Image Courtesy: Adweek


Below you will find an example of how two contrasting typefaces can provoke interest and provide information. The following ad campaign demonstrates a modern, edgy, not afraid to think out of the box feel. October 26, 2009 Adweek Blogs published the captivating self-promotion campaign of Milc agency. The advert below is only one of a three-part series which included the following team members:

  • Antonio Paolo Strategic Planner
  • Giampiero Cito Creative Director
  • Simona Marche Art Director

These great heads do think alike and their clever work has earned them additional advertising showcased on the Adweek blog under creativity found here:


Typeface #1 Sans Serif

The majority of text in the advert above is a prime example of Sans Serif. Serif is a term used to describe the structure of each particular font and the varying degree of thick to thin contrast. The term Sans Serif describes those fonts that do not have transitions. In the advert above the blue line highlights the exactness and consistency of the structure; a defining characteristic of Sans Serif which does not have thick and thin transitions. A perpendicular line was drawn to illustrate the straight vertical line void of stress. The circle above the ‘H’ draws attention to the lack of bracketing and no serif.


Typeface #1 Oldstyle

The Oldstyle font used in the tag is identifiable by its moderate thick to thin transitions. The green line drawn through the thinnest parts of the curved strokes is a clear diagonal which is a common characteristic of Oldstyle font. The tip of the lowercase ‘l’ is circled to bring attention to the slanted serif, a common element of Oldstyle.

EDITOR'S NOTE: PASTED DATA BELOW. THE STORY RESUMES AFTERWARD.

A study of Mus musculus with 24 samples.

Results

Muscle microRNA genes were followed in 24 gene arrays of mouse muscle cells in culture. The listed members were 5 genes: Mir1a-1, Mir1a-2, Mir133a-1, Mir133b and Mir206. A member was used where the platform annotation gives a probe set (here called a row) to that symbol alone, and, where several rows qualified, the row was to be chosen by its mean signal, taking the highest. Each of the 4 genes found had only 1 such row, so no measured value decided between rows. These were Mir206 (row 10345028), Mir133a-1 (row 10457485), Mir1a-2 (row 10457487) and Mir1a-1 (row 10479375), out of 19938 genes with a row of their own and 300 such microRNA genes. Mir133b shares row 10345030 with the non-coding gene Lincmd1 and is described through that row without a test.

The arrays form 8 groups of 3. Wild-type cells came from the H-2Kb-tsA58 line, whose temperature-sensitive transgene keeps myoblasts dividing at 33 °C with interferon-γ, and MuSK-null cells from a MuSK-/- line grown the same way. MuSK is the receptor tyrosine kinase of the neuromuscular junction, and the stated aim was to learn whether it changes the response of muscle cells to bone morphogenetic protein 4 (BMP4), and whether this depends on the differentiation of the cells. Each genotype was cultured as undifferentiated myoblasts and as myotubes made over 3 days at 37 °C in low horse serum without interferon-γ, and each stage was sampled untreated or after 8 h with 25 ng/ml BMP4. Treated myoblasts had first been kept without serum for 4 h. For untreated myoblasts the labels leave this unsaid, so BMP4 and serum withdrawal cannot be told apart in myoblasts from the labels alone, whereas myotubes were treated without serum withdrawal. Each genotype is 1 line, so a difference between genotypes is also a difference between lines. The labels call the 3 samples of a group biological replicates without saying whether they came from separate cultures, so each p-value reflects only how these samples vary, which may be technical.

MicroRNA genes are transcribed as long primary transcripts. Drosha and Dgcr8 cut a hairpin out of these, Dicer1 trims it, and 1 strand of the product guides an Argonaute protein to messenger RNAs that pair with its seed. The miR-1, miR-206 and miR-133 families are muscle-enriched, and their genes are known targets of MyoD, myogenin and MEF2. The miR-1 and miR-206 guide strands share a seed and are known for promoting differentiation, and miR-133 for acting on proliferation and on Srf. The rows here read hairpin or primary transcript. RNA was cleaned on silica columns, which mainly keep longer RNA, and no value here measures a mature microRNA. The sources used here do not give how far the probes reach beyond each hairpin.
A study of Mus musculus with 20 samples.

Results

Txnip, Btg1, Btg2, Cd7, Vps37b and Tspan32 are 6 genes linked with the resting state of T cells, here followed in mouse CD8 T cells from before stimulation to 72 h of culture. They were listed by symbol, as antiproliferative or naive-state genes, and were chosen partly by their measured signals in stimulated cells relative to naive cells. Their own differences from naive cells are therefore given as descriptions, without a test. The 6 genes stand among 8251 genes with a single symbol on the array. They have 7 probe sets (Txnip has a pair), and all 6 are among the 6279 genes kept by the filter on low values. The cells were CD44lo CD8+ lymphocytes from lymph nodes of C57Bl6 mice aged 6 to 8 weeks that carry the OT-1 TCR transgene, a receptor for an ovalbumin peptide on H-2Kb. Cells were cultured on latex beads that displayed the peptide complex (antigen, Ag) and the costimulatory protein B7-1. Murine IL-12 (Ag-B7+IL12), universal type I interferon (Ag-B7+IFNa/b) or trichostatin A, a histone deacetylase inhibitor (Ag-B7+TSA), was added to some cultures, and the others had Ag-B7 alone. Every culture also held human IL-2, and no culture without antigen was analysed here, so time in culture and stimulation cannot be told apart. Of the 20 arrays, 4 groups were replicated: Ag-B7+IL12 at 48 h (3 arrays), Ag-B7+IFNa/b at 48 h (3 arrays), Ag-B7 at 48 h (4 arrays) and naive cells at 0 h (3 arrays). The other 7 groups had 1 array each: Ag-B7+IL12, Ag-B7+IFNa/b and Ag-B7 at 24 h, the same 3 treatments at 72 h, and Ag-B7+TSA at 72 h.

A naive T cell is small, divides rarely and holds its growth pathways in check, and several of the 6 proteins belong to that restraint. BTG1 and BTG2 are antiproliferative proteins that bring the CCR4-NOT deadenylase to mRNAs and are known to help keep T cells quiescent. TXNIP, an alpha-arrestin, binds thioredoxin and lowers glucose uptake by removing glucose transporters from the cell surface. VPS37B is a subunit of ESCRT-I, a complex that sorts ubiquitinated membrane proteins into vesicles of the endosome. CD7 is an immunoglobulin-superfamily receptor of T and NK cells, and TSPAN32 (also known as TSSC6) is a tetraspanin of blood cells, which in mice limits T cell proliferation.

The two different typfaces, Sans Serif and Oldstyle, pair nicely together because of their contrasting features. Oldstyle consists of both thick and thin transitions which contrast with Sans Serif letterforms that are the same thickness throughout the entire font. Sans Serif does not slant and is void of stress, which is contrasting to the diagonal slant of Oldstyle.  The Oldstyle is reminicent of handwritten scribes. The Oldstyle unlike Sans Serif will always have a serif which will sometimes curve, also known as bracketing, where the serif meet the stems emulates the strokes once made with wedge-tipped pens.



Typography can create feeling and emotion to any work without reading or understanding the text. Contrast creates visual interest and draws the reader in.